Professor Jonathan Haskel

Will the pandemic scar the economy? A speech by Professor Jonathan Haskel, of the Monetary Policy Committee

11:00am - 12:30pm / Monday 19th July 2021
Type: Lecture / Category: Public
  • Admission: FREE - booking required
  • Event website
  • Book now
  • Add this event to my calendar
    (?)

    When you click on "Add this event to my calendar" your browser will download an ics file.

    Microsoft Outlook: Download the file, then you may be able to click on "Save & Close" to save it to your calendar. If that doesn't work go into Outlook, click on the File tab, then on Open, then Import. Select "Import an iCalendar (.ic or vCalendar file (.vcs)" then click on Next. Find the .ics file and click on OK.

    Google Calendar: download the file, then go into your calendar. On the right where it says "Other calendars" click on the arrow icon and then click on Import calendar. Click on Browse and select the .ics file, then click on Import.

    Apple Calendar: download the file, then you can either drag it to Calendar or import the file by going to File > Import > Import and choosing the .ics file.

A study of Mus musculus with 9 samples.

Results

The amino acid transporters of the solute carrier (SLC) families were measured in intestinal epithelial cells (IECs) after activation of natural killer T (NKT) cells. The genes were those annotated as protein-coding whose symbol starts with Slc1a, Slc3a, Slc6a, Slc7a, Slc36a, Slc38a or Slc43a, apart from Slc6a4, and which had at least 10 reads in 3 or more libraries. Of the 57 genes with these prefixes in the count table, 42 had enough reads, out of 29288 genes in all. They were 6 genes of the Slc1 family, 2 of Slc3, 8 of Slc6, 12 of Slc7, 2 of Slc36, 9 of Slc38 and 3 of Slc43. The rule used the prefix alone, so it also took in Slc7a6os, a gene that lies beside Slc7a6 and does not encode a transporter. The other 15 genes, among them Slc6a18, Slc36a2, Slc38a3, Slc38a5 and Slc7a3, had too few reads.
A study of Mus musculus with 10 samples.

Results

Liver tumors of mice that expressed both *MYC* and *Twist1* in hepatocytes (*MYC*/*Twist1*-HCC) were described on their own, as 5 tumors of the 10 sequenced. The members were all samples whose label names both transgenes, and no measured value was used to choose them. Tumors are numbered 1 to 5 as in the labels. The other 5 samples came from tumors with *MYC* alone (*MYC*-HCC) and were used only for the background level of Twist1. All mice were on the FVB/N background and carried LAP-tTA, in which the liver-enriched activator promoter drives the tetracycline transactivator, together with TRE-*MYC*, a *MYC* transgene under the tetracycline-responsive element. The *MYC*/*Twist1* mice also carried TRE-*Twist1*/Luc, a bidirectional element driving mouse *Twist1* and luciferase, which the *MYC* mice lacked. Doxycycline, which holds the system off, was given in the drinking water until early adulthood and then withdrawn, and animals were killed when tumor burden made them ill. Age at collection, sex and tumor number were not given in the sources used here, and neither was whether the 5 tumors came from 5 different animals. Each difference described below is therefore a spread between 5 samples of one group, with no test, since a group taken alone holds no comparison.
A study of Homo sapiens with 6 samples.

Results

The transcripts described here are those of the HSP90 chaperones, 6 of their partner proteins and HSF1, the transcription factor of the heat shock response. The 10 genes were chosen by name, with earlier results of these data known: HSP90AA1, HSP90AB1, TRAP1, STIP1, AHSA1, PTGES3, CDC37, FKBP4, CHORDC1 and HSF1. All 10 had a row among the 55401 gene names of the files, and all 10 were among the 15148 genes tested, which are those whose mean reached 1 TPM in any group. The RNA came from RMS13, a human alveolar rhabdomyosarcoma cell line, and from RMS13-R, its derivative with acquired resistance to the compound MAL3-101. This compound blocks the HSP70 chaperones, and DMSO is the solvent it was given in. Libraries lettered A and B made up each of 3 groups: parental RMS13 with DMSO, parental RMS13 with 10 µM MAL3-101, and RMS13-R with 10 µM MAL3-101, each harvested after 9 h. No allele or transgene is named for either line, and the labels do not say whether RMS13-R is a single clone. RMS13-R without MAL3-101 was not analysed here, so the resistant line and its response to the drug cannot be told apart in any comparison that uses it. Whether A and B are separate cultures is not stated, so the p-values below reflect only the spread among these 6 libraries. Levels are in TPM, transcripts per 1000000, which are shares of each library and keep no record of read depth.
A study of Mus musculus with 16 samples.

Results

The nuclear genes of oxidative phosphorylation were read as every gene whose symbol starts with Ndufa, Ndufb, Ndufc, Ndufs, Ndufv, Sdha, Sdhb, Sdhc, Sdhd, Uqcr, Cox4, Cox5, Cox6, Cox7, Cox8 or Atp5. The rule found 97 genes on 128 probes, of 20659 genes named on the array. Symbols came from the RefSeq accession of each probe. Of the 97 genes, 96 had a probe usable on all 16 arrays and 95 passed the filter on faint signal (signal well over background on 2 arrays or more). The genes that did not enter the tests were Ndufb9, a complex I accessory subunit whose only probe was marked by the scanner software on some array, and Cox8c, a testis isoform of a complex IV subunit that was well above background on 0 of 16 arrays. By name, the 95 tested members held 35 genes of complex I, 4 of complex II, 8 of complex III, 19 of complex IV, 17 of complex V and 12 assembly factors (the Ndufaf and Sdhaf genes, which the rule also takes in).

It has been an extraordinary 18 months for the UK economy, and policymakers have had to take unprecedented measures to steer the economy.

As we take stock of the impact lockdown has had on businesses and workers, one of the key questions is how much permanent damage or “scarring” has been done to the economy.

In this speech, member of the Bank of England's Monetary Policy Committee, Professor Jonathan Haskel will explain the factors that go into calculating scarring, such as increased unemployment and falls in investment.

Professor Haskel sees some reason for optimism. For instance, recent labour market developments do not indicate a large mismatch between vacancies and available workers, so we seem to have averted large scale long-term unemployment as a result of lockdown. Furthermore, whilst investment in buildings has fallen substantially during the pandemic, investment in intangibles and digitisation has actually risen. Professor Haskel will also talk about his preferred stance for monetary policy.

The event will take place online. Please register to receive further details.